Lodi Growers Create A High Standard For Sustainability And Better Market For Their Grapes

Bruce Fry, left, and father Jerry in a vineyard of truly “Old Vine Zin.” The Zinfandel block was planted in 1901. (Photo credit: David Eddy)
Bruce Fry, left, and father Jerry in a vineyard of truly “Old Vine Zin.” The Zinfandel block was planted in 1901. (Photo credit: David Eddy)

If you want to pick up a few tips about sustainability from California winegrape growers, Mohr-Fry Ranches isn’t a bad place to start. The agricultural history of the Mohrs and Frys extends back to the 1850s, when Cornelius Mohr left his job on a whaling ship in the port of San Francisco and began a farming operation on a Spanish land grant in an area south of a town that had just become incorporated, Oakland.

Urban encroachment eventually caused family members to look elsewhere to sustain the growing business. Today, Mohr’s great-grandson Jerry Fry and his son Bruce — who represents the fifth generation — farm nearly 600 acres of mostly winegrapes in the Lodi Appellation south of Sacramento.

There, they grow a dozen varieties of winegrapes, eight red and four white, everything from Alicante Bouschet to Zinfandel. Or, as Jerry puts it, “We’ve got all the wines from A to Z.”

It’s the latter variety, Zinfandel, for which the region is best known, producing 40% of the nation’s total. The Frys are justifiably proud of their Zinfandel, especially the “Old-Vine Zin,” of which one block of vines were planted in 1901, and another 70 years ago or more. Actually, they don’t produce a drop of wine themselves, but that doesn’t mean they aren’t familiar to the oenophiles who descend on the region’s wineries. “It’s not unheard of for wine tasters to ask, not for a given wine, but for a Mohr-Fry Zin,” Bruce says, noting that a few of the wineries take advantage of the fact, adding a Mohr-Fry label to their own.

Playing By The Rules
All of that Zinfandel acreage — plus Sangiovese, Merlot, Petite Sirah and Sauvignon Blanc — about 40% of their total, has been certified sustainable under a Lodi Winegrape Commission program, the Lodi Rules. Launched in 2005 — the Frys were one of the original six growers — the Lodi Rules is a strict program detailing many aspects of a farming enterprise. It is based on the three-legged stool concept of sustainability, each beginning with an “E”: Economic, Environmental and Equitable.

There are 24,000 acres “Certified Green” in the Lodi Appellation, and an additional 6,000 acres have been certified in other regions throughout California. Approximately 20 wineries produce wines bearing the Lodi Rules seal.

“The economic consideration is number one because if it’s not economical you can’t help the environment, or provide social equity either.” - Bruce Fry (Photo credit: David Eddy)
“The economic consideration is number one because if it’s not economical you can’t help the environment, or provide social equity either.” – Bruce Fry (Photo credit: David Eddy)

Standards To Abide By
The Lodi Rules is not just a catchy slogan; it is a 128-page workbook of sustainable winegrowing standards. There are 101 standards, and to be certified you not only need to pass at least 70, you cannot fail any of the six chapters. (For an example of the standards, see “From The Workbook.”)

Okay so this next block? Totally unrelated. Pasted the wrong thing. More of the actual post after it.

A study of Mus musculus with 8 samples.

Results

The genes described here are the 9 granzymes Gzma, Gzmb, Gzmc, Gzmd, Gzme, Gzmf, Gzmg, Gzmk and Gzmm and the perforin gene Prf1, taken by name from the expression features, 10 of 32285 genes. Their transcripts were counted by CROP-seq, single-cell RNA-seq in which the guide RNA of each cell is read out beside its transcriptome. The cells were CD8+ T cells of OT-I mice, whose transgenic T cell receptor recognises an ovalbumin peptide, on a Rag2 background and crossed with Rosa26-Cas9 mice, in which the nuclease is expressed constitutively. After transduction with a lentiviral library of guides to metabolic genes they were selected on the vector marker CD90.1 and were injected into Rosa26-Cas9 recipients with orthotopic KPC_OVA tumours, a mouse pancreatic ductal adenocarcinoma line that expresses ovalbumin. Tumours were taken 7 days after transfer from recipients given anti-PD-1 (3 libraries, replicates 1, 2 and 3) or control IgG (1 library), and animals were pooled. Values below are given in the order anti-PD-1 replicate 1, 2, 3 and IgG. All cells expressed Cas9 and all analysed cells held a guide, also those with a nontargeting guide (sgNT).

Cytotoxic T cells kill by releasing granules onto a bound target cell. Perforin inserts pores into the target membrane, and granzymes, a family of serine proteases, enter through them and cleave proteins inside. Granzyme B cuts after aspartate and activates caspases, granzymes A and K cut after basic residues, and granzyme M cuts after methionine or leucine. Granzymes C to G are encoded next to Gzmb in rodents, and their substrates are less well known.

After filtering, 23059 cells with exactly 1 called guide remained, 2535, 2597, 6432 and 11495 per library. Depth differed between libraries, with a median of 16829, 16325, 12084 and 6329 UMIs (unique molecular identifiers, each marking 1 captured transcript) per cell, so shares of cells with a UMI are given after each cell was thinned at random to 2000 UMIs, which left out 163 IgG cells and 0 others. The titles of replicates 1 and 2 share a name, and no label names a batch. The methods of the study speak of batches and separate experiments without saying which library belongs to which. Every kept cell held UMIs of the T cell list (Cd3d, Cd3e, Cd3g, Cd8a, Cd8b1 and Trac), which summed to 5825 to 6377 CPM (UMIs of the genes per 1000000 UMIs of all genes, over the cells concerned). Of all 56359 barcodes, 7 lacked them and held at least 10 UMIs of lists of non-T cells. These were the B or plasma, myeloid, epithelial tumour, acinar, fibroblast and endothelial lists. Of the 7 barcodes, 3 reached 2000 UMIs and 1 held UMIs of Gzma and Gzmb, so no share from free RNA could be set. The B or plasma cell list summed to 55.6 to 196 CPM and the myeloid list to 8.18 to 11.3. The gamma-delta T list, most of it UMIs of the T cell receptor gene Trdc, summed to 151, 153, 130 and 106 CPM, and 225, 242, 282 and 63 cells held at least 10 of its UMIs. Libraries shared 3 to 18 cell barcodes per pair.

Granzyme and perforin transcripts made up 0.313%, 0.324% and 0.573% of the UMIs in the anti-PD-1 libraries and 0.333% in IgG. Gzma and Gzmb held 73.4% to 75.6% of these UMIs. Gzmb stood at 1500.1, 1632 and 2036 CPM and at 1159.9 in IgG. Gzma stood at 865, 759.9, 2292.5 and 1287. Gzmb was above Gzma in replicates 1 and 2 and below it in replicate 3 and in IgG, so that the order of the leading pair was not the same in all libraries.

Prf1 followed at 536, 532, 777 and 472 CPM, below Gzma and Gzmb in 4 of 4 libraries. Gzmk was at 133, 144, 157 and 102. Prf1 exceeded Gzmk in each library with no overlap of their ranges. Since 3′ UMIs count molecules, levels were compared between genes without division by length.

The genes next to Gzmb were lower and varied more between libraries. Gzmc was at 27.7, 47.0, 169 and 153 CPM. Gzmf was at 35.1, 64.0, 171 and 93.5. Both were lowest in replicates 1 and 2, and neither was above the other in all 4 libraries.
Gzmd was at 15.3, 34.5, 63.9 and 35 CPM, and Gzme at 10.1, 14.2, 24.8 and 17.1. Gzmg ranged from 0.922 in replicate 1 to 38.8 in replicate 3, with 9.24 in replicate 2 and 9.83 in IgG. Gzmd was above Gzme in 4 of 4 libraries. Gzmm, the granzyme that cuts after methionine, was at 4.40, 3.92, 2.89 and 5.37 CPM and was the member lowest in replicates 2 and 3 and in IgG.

And while the program is based on self-evaluation, it’s not like growers can skate through with less-than-honest self-assessment, says Bruce Fry. There is random auditing by a third party, Protected Harvest, which is quite thorough. Protected Harvest representatives will ask for such details as information from a certain week’s monitoring sheet detailing practices regarding insects, mildew, vertebrates, etc.

If it seems intrusive, Fry says none of the growers involved mind because it’s grower-based.

“A group of growers, a very diverse group of growers, debated about this for a lot of time,” he says. “It’s not the third-party certifier that’s telling us what to do; it’s kind of like a research project that’s peer-reviewed.”

Scoring A Bonus
Following the Lodi Rules isn’t all about being an environmental do-gooder, Fry says. Besides making your grapes more sought after by many wineries, a few of them actually pay a bonus to growers enrolled in the program. It’s not a huge amount, perhaps $25 to $50 per ton, but it’s worth it, he says. That’s why all of the Frys’ acreage isn’t enrolled, because it only pays to be in the program for those grapes that command premium prices.

There’s nothing wrong with that, Fry says, because it’s important to remember that the first leg of the sustainability stool is Economic.

“You can’t do all these things unless they pencil out. At the end of the day you have to make money to stay in business and pay your employees,” he says. “The economic consideration is number one because if it’s not economical you can’t help the environment, or provide social equity either.”

Besides, what many people fail to realize is that economical and environmental considerations often go hand in hand, he says. For example, the Lodi Rules state that only “essential crop protection” products are used.

“Farmers use pesticides only when needed because they are very expensive to use and apply,” Fry says. “When a grower sprays it’s not because he wants to spend money; it’s because he has to protect his crop.”

Fry says he likes the public relations aspect of the program, but he’s a practical man and that’s certainly not his primary consideration.

“It’s partly there for the consumer, to show how Lodi growers farm,” he says. “But farmers need clean water to irrigate, and good soil. Farmers are going to protect those things because if he doesn’t protect them he will hurt his crop, and that will hurt him economically.”